When you are building your Twitter network, one of the big things you need to consider is who to follow and who not to follow. Some people follow everyone who follows them, but if you are using Twitter to grow and promote your business, you will need to have a bit more strategy than that.
If you intend to connect to people who will purchase your products or services or enhance your business in some other way, indiscriminately following anyone who follows you isn’t going to cut the mustard. As with any other marketing strategy, you need to develop a targeted group of followers on Twitter if you expect to earn any money from them. No one’s business product or service appeals to everyone and if you try to market yours to the whole of the Twitterverse, you’re wasting your time and your effort.
So how do you decide who to follow and who not to follow? There are a few tricks you can use to choose your followers in a more selective manner in order to market your business most effectively.
• Look at a potential follower’s Twitter stream. Go to their home page and read their Twitter stream for a page or two. What do you see? Are they constantly promoting themselves? You may want to take a pass. Do they provide useful links to other people’s websites? They could be entertaining as well as helpful to your business. Do they talk about things pertaining to your expertise? Common interests are a definite plus when choosing a follower, so you may want to give those with similar interests a chance.
• Look at who is following them. Every profile page has a list of the person’s followers. You can click the link on the upper right hand side of the page that says followers or you can move through the grid of photos further down the page. Look for followers you have in common. This can be a good indicator of mutual interests. Look for high profile people in your field of interest. Many of the biggest names on Twitter only follow people who are relevant to their business. This doesn’t mean to imply it is a good decision, but it could lead to some influential or at least interesting people to follow.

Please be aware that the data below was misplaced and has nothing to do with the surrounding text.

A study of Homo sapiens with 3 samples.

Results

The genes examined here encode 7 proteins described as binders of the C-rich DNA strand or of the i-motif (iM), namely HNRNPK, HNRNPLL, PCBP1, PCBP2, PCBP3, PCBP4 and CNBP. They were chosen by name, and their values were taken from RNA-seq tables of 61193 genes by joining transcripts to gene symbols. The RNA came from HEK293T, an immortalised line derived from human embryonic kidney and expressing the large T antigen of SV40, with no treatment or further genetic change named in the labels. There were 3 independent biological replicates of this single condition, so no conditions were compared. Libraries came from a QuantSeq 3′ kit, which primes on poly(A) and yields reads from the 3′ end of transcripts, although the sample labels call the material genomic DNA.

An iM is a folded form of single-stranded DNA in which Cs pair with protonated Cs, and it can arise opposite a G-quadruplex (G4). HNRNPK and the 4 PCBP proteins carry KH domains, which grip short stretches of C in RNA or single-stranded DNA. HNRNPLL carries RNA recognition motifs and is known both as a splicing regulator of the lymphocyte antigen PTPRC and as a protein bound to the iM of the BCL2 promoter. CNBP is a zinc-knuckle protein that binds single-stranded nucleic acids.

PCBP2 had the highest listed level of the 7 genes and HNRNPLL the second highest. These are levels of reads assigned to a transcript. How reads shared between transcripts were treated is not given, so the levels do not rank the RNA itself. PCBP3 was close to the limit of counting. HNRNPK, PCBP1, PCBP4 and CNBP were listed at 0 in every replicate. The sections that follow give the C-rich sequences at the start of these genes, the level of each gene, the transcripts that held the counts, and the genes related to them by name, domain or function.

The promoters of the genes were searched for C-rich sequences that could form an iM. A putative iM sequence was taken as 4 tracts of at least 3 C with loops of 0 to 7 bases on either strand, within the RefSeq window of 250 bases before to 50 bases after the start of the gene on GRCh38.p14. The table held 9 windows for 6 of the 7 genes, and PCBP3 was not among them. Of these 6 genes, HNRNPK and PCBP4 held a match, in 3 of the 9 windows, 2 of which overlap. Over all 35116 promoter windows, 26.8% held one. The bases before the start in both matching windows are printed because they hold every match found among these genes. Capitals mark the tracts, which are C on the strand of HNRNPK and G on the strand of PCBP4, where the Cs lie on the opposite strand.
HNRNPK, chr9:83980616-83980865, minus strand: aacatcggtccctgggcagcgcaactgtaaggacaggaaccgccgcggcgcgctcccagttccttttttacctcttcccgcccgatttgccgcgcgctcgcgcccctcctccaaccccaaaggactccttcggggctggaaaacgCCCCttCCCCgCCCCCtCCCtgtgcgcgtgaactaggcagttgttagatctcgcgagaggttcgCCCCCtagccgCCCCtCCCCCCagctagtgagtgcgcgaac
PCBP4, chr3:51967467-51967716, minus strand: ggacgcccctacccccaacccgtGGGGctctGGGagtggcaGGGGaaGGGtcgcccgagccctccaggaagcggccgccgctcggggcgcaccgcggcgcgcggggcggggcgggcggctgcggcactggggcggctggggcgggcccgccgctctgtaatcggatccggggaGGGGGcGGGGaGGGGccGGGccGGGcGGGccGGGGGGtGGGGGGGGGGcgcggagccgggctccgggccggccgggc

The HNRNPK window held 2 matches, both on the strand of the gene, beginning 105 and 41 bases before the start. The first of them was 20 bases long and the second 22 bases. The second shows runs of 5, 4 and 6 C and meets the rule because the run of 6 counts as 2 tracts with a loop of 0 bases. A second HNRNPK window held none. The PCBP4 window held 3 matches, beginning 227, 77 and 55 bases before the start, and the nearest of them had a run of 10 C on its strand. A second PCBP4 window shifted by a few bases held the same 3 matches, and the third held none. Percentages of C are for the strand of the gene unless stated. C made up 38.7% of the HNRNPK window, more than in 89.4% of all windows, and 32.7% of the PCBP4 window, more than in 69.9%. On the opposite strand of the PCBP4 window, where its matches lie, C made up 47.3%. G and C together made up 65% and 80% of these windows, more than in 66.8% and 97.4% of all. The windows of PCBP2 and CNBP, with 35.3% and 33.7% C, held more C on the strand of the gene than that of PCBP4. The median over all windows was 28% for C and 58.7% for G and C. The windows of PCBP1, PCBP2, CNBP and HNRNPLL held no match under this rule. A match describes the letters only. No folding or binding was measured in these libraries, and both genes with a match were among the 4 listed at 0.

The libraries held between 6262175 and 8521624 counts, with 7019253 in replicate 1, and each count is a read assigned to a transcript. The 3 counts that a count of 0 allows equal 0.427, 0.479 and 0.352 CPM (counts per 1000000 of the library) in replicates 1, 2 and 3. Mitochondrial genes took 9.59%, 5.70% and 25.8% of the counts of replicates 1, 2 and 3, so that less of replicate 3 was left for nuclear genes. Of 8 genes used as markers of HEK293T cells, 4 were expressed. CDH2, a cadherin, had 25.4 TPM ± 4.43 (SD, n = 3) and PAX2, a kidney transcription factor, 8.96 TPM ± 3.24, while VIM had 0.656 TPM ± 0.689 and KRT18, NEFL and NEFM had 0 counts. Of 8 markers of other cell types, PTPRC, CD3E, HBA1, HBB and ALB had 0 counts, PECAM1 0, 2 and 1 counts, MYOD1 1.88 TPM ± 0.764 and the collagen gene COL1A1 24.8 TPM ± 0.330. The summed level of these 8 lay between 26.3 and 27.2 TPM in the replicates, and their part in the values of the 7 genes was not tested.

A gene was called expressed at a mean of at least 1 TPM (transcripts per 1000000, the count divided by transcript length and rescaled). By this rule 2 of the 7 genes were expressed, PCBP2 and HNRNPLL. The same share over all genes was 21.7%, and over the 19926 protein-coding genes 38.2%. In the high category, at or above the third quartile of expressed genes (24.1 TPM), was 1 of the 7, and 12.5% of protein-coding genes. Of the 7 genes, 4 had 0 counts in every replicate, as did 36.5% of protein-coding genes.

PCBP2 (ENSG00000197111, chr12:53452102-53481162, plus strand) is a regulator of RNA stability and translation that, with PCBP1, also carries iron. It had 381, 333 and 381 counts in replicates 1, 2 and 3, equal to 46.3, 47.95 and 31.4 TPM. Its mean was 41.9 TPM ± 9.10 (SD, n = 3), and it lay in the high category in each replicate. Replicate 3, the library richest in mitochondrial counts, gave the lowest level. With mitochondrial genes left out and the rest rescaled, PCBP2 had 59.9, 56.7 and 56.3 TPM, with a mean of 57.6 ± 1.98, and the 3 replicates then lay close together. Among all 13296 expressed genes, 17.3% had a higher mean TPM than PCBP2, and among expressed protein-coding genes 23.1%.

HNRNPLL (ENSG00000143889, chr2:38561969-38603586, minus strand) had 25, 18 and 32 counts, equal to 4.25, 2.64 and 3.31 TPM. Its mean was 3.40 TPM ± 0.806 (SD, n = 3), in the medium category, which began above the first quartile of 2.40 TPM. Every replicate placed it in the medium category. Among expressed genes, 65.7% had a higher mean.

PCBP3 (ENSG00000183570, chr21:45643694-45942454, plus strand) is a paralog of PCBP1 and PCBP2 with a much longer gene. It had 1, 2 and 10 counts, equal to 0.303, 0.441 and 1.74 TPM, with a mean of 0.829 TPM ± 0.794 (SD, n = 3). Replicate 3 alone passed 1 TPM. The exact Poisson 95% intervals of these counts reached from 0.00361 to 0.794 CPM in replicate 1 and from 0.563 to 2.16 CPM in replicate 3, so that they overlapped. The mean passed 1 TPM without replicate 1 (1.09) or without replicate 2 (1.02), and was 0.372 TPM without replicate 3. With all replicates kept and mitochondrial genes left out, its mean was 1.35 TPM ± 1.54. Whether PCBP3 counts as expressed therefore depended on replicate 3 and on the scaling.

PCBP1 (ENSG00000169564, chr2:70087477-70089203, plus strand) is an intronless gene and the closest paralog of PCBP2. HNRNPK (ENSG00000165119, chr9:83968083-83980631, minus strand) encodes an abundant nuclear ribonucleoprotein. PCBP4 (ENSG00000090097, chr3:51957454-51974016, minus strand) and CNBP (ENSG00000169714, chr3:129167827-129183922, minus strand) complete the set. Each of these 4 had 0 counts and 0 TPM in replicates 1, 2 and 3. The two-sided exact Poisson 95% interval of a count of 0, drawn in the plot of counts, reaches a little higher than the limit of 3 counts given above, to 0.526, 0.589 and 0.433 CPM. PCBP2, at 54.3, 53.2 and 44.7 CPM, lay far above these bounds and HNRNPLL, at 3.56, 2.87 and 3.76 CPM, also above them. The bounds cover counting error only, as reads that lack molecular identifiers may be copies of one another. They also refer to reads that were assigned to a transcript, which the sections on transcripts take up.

• Follow the public Twit stream and look for people who are interesting, funny or helpful. Click on their username to get to their profile page and look around a bit to see if they sound interesting to you.
• Use Twitter search. At the bottom of the page is a clickable link to Twitter search. Once there, you can enter in a key word or phrase and click search. You will find all the recent replies using the term. If you use a relevant key word, this can be an excellent way of finding followers interested in your business.
• Try an off-site service like Twitter Grader. Twitter Grader will rank the reach and authority of your Twitter username based on how many people you follow, how many follow you and how many updates you have made.
While this is interesting information, the truly useful feature is the list of suggested followers Twitter Grader will provide to you. Based on common interests and common followers, you will find suggestions of people in your area of expertise. Now, here’s the trick: it may not be the most useful to you to simply follow other people in your industry; although you can network that way quite productively. However, you may just want to go to those suggested profiles and see who THEY are following and who is following them.
While none of these methods of finding followers on Twitter is fool proof or offers any guarantee your business will increase, they are all great ways to find some interesting new people to meet and potentially do business with in the future.
Dougles Chan is an International Head-hunter, a guru in recruitment, a trainer and a mentor. He uses the internet platform on email marketing, twitter marketing and creating new tools to maximise the efficiency in recruitment, sales and marketing. He trains and mentor individual, groups or companies on recruitment and internet technology. He is the creator of “Recruitment Apprentice”, C-Marketing, V-Marketing and T-Marketing which allows any business and sky-rocket their business traffic and sales in almost any sectors. To engage him as a mentor, trainer or consultant, please write to email@example.com . Visit his website at www.DouglesChan.com.